Monday, December 28, 2020

TTABlog Test: Is SPIDER WOOD Merely Descriptive of Natural Wood Sculptures for Aquariums and Terrariums?

The USPTO refused to register the proposed mark SPIDER WOOD (not to be confused with Tiger Woods or Natalie Wood) for "Decorative ornaments in the nature of natural sculptures of wood for use in terrariums, animal habitats, bird cages, floral arrangements, and interiorscape installations," finding it merely descriptive of the goods under Section 2(e)(1). Applicant Petglobe argued that the mark is suggestive, not descriptive, because "the product is a tangled mass of wood roots used in animal habitats” that “does not have any other clear connection to spiders.” Petglobe's owner claimed that he “developed” the mark and was the first to use it, and so "any other industry usage of the SPIDER WOOD trademark for the same goods is an infringement of [Applicant’s] established unregistered trademark rights in this trademark". How do you think this appeal came out? In re Petglobe USA Inc., Serial No. 88640998 (December 15, 2020) [not precedential] (Opinion by Judge Marc A. Bergsman).

Examining Attorney Allison Holtz maintained that SPIDER WOOD is a type of tangled, decorative wood. She submitted numerous website excerpts referring to and offering for sale "spider wood" for terrariums and aquariums: for example: "Perfect for Aquariums and Terrariums - Spider-like limbs, great for climbing lizards and snake[s]." The Board concluded that "[t]he evidence shows that SPIDER WOOD is a type of driftwood used in aquariums to create a natural setting."

Petglobe's argument that “the addition of the word SPIDER’ before ‘WOOD’ makes the composite term ‘SPIDER WOOD’ a suggestive mark” was belied by the evidence. "Owners of terrariums, animal habitats, and birdcages in the market for 'decorative ornaments in the nature of natural sculptures of wood' who encounter the term SPIDER WOOD will immediately know that it is a type of driftwood without having to resort to a multi-step reasoning process, thought, or cogitation."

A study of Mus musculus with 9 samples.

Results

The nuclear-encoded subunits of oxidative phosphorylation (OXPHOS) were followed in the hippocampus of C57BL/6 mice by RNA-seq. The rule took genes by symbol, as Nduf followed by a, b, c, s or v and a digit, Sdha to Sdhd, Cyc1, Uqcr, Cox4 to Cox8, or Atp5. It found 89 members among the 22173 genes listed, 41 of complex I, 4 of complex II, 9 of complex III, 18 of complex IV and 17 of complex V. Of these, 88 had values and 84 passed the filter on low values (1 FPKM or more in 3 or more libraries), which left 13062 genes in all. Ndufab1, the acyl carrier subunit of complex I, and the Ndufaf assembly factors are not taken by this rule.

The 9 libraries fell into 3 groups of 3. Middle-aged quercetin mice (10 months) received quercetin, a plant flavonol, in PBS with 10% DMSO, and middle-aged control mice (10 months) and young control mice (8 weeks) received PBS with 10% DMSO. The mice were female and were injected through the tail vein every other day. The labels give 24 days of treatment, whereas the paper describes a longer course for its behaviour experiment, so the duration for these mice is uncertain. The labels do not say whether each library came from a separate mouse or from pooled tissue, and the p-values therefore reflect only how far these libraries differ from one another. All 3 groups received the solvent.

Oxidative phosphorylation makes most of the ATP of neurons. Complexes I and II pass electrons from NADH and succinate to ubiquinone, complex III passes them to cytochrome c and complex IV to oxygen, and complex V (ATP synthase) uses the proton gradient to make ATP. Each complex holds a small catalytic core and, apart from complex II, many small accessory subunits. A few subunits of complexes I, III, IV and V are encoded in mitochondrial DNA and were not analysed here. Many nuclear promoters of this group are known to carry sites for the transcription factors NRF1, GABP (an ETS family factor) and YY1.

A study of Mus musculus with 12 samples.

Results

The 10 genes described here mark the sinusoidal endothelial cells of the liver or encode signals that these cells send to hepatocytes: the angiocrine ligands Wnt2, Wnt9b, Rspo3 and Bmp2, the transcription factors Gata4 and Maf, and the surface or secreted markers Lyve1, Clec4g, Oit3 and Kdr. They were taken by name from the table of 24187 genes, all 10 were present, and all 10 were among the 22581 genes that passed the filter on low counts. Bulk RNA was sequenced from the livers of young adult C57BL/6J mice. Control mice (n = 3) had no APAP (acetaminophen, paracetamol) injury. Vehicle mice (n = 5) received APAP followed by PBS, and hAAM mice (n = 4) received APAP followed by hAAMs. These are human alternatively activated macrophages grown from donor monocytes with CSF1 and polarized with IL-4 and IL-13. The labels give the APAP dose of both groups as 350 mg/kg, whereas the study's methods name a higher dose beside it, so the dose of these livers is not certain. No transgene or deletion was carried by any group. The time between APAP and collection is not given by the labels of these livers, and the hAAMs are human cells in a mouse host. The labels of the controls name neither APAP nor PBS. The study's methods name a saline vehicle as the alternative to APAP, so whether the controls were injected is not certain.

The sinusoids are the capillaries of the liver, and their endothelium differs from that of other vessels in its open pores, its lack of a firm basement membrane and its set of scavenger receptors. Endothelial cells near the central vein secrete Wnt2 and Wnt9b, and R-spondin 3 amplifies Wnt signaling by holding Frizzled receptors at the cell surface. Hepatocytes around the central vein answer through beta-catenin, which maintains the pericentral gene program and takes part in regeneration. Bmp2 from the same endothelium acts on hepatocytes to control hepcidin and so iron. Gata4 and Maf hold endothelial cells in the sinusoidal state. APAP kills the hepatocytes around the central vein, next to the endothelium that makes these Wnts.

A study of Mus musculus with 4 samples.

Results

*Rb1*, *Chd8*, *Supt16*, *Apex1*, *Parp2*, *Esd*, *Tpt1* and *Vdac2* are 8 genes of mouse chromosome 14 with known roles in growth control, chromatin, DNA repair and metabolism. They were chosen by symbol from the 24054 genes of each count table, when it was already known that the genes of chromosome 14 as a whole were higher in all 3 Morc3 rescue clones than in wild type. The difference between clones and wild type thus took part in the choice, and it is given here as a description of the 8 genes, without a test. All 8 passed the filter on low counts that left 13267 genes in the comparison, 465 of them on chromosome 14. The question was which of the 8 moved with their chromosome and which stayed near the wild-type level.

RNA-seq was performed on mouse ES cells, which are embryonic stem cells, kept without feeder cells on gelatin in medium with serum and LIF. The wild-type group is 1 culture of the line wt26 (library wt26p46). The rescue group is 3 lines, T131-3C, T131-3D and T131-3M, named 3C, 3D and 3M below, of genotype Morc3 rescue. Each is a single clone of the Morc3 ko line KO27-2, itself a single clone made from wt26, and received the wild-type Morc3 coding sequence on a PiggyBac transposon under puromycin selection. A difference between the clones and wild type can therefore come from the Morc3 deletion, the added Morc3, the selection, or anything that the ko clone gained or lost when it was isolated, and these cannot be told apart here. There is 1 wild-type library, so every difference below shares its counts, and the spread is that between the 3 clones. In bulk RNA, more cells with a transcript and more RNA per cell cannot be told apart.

Likewise, Petglobe's assertion that it was first to use the mark was off target. "The fact that an applicant may be the first user of a merely descriptive designation does not justify registration if the only significance conveyed by the term is merely descriptive."

The Board therefore affirmed the refusal to register.

Read comments and post your comment here.

TTABlogger comment: How did you do? Is this a WYHA? BTW, should "aquariums" be "aquaria"?

Text Copyright John L. Welch 2020.


At 1:49 PM, Blogger Miriam Richter, Esq. said...

I think we need to coin a new term "descripticide"! I think if no one else had adopted it, it would have been registrable. It doesn't necessarily look like a spider or have anything to do with spiders (unless they are in the terrariums!) and if he were the only source, and had enforced or registered it at the outset, he would have gotten the registration. You snooze you lose!

At 12:30 AM, Anonymous tonac63 said...

Maybe a more delinated goods ID would have given the Board pause to consider (or reconsider). As it stood, the goods ID was in itself the giveaway. The arguments by the applicant were not only subjective, but weak (saw there he was going, but never assume ...) JLW - loved the NTBC blurb! Classic!